Shenzhen Overview

Shenzhen is starting to shake off its image as Hong Kong’s poor cousin, and nowhere is that more apparent than in the city’s thriving F&B sector. But is it really worth the trip to Shenzhen just to eat out? Many people – attracted by fresher ingredients, improving standards, and more variety – seem to think so.
 
“Things began to improve in the mid- to late 80s,” says Chan Ah-kin, Chinese chef at the Ritz-Carlton, Shenzhen. “The quality of ingredients has greatly improved, and the quality of Chinese food in Hong Kong can no longer complete with it.”
 
John Tsang, director of Chinese production at the Sheraton Shenzhen Futian Hotel, agrees. He attributes Hong Kong’s falling culinary standards to simple economics. “Rents in Hong Kong are too high,” he says.
“One of the reasons that the standards are declining is to offset higher rents. They are having to higher fewer people to work in the kitchen, and they can no longer afford the best ingredients.”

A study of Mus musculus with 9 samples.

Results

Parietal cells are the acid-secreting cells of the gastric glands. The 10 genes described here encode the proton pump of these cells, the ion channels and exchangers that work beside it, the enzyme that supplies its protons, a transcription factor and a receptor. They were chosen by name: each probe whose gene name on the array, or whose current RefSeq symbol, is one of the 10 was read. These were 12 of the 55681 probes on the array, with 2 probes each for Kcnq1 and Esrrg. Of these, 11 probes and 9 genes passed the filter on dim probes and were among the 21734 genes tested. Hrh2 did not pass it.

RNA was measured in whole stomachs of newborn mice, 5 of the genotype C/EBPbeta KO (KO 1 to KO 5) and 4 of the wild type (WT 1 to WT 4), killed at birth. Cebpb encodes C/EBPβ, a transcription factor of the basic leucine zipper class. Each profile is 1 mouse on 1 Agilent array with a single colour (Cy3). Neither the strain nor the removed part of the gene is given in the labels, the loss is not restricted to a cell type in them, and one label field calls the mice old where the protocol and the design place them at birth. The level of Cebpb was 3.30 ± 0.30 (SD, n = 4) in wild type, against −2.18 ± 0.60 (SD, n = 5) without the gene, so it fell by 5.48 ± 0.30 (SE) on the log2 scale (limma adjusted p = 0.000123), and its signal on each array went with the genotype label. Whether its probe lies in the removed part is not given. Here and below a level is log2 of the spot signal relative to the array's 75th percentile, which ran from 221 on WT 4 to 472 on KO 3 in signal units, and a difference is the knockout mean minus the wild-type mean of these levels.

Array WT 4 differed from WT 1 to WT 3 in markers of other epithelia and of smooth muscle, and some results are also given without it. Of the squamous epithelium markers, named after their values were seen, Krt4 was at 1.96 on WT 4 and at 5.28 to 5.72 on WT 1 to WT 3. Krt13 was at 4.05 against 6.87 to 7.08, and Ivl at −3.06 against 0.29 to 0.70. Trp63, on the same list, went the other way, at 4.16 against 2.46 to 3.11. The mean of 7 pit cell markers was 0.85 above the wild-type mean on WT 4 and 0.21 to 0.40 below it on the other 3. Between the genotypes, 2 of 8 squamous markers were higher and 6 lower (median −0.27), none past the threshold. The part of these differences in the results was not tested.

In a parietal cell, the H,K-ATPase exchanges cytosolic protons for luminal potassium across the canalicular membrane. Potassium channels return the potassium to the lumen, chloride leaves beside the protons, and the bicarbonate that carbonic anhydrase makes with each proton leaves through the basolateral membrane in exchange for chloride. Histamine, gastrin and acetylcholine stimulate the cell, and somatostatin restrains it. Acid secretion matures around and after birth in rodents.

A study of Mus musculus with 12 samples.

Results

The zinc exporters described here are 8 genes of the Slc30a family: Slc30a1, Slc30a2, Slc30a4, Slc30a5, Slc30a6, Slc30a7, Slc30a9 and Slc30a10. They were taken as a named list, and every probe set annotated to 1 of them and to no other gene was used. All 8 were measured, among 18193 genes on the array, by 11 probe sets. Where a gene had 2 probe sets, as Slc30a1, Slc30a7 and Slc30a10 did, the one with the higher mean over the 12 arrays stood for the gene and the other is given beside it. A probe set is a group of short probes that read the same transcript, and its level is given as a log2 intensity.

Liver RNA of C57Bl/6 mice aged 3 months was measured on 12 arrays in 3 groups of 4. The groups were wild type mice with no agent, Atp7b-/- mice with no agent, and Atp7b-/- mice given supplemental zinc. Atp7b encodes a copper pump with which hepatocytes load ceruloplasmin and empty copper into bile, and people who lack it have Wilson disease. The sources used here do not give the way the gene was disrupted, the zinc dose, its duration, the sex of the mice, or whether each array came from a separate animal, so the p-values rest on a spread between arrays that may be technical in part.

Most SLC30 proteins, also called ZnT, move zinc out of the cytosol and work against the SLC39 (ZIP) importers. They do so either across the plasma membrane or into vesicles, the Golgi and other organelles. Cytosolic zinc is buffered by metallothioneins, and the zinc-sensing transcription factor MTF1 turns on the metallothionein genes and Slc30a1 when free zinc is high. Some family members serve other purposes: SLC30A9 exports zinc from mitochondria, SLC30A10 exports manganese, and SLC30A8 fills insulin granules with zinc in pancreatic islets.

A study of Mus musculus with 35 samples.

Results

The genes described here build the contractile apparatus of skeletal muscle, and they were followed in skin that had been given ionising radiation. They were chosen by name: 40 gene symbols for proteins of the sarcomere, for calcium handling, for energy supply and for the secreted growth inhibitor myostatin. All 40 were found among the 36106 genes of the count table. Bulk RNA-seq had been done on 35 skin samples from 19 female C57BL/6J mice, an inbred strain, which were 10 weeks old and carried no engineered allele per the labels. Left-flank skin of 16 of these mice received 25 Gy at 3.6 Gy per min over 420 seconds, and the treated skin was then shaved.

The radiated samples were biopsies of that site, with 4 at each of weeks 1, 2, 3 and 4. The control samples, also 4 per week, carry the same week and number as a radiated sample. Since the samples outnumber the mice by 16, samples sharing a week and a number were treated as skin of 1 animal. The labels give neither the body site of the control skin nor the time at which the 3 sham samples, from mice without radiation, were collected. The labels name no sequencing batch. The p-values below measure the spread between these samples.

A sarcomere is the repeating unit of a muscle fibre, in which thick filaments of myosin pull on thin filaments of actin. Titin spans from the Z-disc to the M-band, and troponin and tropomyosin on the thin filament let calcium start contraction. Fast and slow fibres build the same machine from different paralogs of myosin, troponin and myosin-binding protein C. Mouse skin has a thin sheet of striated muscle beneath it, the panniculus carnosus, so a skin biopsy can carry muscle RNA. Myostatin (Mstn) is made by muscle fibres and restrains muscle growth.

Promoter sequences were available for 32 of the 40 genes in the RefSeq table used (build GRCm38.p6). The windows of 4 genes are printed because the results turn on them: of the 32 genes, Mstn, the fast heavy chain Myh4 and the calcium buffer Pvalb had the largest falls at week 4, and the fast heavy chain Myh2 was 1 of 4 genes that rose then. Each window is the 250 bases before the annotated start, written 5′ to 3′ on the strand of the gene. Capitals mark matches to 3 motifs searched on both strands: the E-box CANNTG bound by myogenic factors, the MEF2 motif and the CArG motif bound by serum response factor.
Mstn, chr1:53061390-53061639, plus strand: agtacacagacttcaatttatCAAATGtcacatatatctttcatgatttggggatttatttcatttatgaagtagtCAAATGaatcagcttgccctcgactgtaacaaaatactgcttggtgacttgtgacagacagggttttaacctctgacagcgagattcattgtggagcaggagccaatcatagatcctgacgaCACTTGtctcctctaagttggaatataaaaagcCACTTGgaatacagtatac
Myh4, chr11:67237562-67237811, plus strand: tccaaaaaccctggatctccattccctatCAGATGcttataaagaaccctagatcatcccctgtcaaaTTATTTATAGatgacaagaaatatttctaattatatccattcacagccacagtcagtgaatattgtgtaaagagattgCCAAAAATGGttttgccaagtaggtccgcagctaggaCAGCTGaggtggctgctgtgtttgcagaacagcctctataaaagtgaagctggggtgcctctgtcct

Ruan Wenhui, executive Chinese chef at Marco’s, which is located in the Crowne Plaza Shenzhen, believes that there are basically three reasons why Shenzhen is a great place to dine. First, the ingredients tend to be fresher because everything in Hong Kong has to be imported. Second, there is more variety as there are far more restaurants serving regional cuisines from around the country. And finally, the cost of eating out in Shenzhen is cheaper than in Hong Kong.
 
With prices running roughly 20 to 30 per cent lower than at comparable restaurants in Hong Kong, it would seem hardly worth the time, effort and cost of getting to Shenzhen just to save money. The real attraction is the variety and the authenticity of the restaurants serving regional Chinese cuisines that are not widely available in the former British Crown Colony.